Rejection as Misrecognition

Rejection in love and the way men tend to take it has often and quite rightly been seen as the manifestation of a form of male privilege. But rejection in the matters of the heart is something that all of us across genders do resent. It would be safe to argue then that there is more to the resentment that stems from rejection, than male privilege, which has, unfortunately become quite a terrible cliché. The philosopher Axel Honneth uses three frames to understand recognition; love, law, and achievement. Here I would predictably concern myself primarily with the first frame of understanding recognition: love.

Now if we think of love as a deep and fundamental form of recognition, then rejection becomes its obverse, a deep and fundamental form of misrecognition. We tend to use metaphors about oneself and others, who get rejected in the matters of the heart as a ‘door-mat’ or an ’emotional tampon’ (excuse the sexism). The implication of an almost total loss of human dignity stems from the fact that it involves complete disclosure to the one you are in love with, which upon being rejected amounts to the very denial of complete human self.

Now it is usually in the face of this denial of self which has both normative and psychological implications, and has to be dealt at a very personal level and is hence, open to ridicule. That people do really-really stupid things. Which can range from acid attacks to drowning oneself in liquor or even worse. The reason such an action stems from the fact that we have normalized a very positivistic understanding of sexuality.[1] Since there are no rational reasons for why people prefer a person over another(It is more often that we like a person over another and then look for the reasons why we do so.) those facing the muzzle end of the rifle take it to be a sign of deep and fundamental misrecognition. The norms of masculinity drive men, much more often than women to correct the wrongs done unto them by taking recourse to violence. The violence can be targeted at various places (the self, the wrongdoer, a convenient scapegoat), and is manifested in varied forms (physical to emotional), a large range of permutations and combinations are possible here, one of which would roughly correspond to almost all of us. As it happens we tend to tell ourselves that such a thing passes away with time and that we get over it. Little do we realize that a denial of this kind has the capacity of becoming an ‘ontological wound’ and to withstand such a denial of recognition requires a certain kind of moral fortitude.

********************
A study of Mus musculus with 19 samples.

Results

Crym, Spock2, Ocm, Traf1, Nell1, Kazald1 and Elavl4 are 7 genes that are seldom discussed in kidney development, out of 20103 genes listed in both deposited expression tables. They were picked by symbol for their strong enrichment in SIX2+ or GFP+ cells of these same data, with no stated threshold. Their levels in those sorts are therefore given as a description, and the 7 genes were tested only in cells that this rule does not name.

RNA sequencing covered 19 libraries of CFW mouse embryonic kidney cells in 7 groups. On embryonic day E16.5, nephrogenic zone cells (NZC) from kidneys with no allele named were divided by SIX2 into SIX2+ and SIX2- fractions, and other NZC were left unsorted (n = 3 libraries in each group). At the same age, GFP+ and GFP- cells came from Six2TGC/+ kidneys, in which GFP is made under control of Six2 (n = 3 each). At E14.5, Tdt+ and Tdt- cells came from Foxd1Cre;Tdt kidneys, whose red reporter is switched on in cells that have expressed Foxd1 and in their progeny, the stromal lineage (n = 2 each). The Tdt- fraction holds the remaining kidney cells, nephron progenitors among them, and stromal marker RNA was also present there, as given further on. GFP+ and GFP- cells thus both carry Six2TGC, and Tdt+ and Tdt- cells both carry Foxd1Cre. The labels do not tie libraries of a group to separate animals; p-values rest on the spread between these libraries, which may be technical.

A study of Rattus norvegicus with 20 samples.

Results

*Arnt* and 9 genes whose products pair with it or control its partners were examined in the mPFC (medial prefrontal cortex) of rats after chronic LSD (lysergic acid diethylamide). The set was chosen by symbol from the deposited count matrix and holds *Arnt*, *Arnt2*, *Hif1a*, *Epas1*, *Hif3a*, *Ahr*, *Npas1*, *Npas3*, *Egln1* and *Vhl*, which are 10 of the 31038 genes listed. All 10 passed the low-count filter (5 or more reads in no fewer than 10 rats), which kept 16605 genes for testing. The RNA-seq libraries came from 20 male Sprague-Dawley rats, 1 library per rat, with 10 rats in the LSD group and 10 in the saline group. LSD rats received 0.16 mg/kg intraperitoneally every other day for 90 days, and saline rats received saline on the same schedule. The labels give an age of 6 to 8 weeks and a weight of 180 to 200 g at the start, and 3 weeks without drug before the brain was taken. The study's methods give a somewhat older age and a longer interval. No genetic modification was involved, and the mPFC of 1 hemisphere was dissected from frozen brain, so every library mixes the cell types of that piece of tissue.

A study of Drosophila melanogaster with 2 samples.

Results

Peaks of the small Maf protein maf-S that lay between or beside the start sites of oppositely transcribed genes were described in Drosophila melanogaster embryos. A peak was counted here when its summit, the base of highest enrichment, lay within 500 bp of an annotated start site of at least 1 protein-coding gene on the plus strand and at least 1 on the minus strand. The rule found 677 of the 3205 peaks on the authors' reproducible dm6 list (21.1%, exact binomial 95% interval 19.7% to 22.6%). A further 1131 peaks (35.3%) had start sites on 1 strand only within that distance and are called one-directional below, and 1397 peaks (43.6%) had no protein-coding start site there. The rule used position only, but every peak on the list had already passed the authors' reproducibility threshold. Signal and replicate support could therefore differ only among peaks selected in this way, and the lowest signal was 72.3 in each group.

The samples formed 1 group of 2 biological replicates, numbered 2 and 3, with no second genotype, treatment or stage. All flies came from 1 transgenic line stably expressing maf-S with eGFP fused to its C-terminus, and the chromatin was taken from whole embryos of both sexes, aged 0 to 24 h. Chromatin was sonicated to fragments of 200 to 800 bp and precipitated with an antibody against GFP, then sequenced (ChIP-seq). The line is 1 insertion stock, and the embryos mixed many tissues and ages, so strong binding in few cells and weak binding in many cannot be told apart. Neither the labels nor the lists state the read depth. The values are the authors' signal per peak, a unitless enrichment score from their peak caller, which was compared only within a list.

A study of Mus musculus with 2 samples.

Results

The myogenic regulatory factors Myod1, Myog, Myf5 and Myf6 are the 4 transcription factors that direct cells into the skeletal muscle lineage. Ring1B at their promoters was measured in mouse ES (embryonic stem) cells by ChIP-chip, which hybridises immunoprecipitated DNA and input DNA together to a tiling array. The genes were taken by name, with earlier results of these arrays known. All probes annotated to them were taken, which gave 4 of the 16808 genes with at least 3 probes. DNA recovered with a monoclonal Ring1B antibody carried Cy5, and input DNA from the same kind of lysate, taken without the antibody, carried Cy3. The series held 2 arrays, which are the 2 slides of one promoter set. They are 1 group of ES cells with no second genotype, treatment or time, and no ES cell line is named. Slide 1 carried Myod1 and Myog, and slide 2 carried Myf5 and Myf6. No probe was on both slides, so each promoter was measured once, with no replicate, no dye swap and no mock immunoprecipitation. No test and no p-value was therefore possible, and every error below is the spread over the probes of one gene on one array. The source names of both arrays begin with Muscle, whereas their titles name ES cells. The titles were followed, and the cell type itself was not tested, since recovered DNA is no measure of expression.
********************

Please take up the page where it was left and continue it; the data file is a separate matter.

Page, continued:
The problem with the idea of fortitude is that in our conceptual imaginary fortitude stands as a concept, which is associated with war, hardship, persecution, and is in some way seen as the ability of a person to withstand larger forces which others are not usually able to do. It does bear a strong resemblance to the Machiavellian idea of virtù which is seen as the ability of the prince to mend fortuna to his own ways.[2] This rules out the need for thinking in terms of moral fortitude when it comes to the such matters.

The specificity of the denial makes it hard for us to look for the moral resource, which here is something akin to fortitude, as there is no tradition of deeply engaging with the moral resources that help us deal with instances when we are wronged or happen to believe that we have been wronged in a deeply personal way. The reason for this might be traced to the inherently masculine nature[3] of the various traditions of thinking from which we tend to borrow our epistemological and moral resources.

I do not know is the creation of “society of people wronged in the affairs of the heart” would be of much help, as the problem that we are dealing with here is linked deeply with the kind of the world we live in. The modern dichotomy of the personal and the private are the two reasons for the predicament that people find themselves in as there is no conceptual locations where the issues of the heart to rightfully belong.



[1] One can recall how school textbooks of sciences especially those dealing with biology, describe attraction between opposite sexes upon hitting puberty as the physics textbooks describe the attraction between opposite poles of a magnet. If that were the case the world around us would have been, one large orgy.

[2] Machiavelli portrays fortuna as a woman and a force of destruction and virtù is the ability of the prince to suppress fortuna, preferably with utmost ruthlessness.

[3] I personally hate using this as a descriptive category, purely because its abuse in common parlance has rendered it more or less meaningless.